Hospitals across the North East spent more than £56m hiring temporary doctors while at the same time forking out millions of pounds on redundancy and severance payments to staff.
Figures obtained by The Journal through the Freedom of Information Act show a staggering £56,035,345 was used by the region’s health trusts to fund locum doctors, while £11,413,258 was used to lay off employees.
Unions have criticised the enormous sums handed to temporary medics over three years at a time when the NHS is being asked to make significant efficiency savings.
Glenn Turp, Royal College of Nursing Northern regional director said: “The complete reorganisation of the NHS, combined with unrealistic, short-term cost-cutting demands imposed on trusts by central Government, ironically appears to be leading to more waste and inappropriate use of resources.
“Almost £12m has been spent on redundancy payments in the region, and yet at the same time, staff shortages mean that trusts are spending huge sums on temporary staff to cover for vacancies elsewhere in the system. In these financially-challenged times, this cannot be right.
“To employ large numbers of front-line temporary staff to cover for vacancies in the system is not cost effective or conducive to delivering a high quality service.”
The cost of funding temporary doctors has risen by 46% over the last four years as payments in 2009/10 stood at £15,455,457, while in 2011/12 they jumped to £22,610,893. Hospitals say they have had to increase their use of locum medics due to compliance with the European Working Time Directive for junior doctors limiting their hours from 56 per week to 48.
Health chiefs say they’ve had to fill gaps in the rota with temporary doctors to ensure the needs of patients are met to a high standard, and often recruitment is taken from expensive agencies.
County Durham and Darlington NHS Foundation Trust spent the most on temporary medics over the period, and the amount has almost doubled in that time.
In 2009/10, the largest acute trust in the North East with a population of more than 650,000 spent £5,448,873 and in 2011/12 the amount was £9,971,055.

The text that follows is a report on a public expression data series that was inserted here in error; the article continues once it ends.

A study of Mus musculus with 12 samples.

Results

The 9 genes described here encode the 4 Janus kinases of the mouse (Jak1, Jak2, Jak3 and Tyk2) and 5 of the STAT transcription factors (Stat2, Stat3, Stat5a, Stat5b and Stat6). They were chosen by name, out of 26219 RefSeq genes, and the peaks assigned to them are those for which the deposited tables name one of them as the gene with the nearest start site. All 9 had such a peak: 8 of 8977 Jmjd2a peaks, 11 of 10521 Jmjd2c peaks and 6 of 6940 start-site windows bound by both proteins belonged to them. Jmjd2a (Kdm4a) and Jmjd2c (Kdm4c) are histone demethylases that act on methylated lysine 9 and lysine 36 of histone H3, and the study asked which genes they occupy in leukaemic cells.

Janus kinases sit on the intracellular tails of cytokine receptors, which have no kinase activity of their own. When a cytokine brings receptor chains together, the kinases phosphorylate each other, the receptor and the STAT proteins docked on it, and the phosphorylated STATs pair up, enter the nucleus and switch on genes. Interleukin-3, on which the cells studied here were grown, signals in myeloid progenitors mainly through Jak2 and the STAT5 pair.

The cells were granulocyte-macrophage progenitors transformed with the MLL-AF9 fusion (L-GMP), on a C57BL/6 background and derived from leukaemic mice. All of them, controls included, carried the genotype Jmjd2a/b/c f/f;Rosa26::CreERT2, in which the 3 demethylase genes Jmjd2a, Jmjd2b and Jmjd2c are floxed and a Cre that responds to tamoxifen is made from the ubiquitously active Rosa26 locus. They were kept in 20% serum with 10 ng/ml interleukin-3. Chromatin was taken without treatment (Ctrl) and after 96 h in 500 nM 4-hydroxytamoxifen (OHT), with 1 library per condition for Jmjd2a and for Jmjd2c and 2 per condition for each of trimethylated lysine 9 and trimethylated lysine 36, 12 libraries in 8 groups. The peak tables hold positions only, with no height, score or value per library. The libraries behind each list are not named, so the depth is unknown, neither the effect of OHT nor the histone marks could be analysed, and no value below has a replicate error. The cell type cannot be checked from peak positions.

A spokesperson for the trust said: “We have a number of locum doctors on permanent contract at junior and consultant grades.
“We have recently expanded our services and recruited additional clinical staff, recruiting temporary locum doctors only where necessary to support increasing requirements and service demands.”
Newcastle Hospitals NHS Foundation Trust spent a total of £14,556,764 and said it had introduced an internal database so junior doctors already working in the trust can be offered additional shifts before they go to ask for help from an external agency.
A spokesman said temporary medical staffing cover was needed predominantly to cover for absence or vacant posts “where there are supply and demand issues”.
“There is also an ongoing requirement to ensure compliance with strict European Working Time Directives for junior doctors,” he said.
“In addition, the strengthening of the Government rules on immigration has led to the trust finding it increasingly difficult to cover gaps in junior doctors rotas, on a timely basis, by directly employing overseas (outside EU) medical staff.
“However, over the past three years the trust has steadily reduced its spend on locum doctors with increased emphasis on improving its recruitment processes thereby ensuring high fill rates and quality of staff.”
Dr George Rae, chairman of the North East British Medical Association, said it was “very disconcerting” to hear of the spend on locums when funding for patient services “is struggling to stand still”.
Northumbria Healthcare NHS Foundation Trust was the only trust in the region to spend almost equal amounts of money on temporary medics and on redundancy and severance payments in the same period. However, it insisted there was no correlation between the two issues.
A trust spokesman said it had cut spending on locum support which was “essential for the smooth and safe running of the health service, by over 30% since 2009”.
“Over the past two years, we have offered a voluntary severance scheme to achieve further efficiencies in back office areas such as admin, clerical and management roles so that, ultimately, more resources can be reinvested into frontline care in the long term.”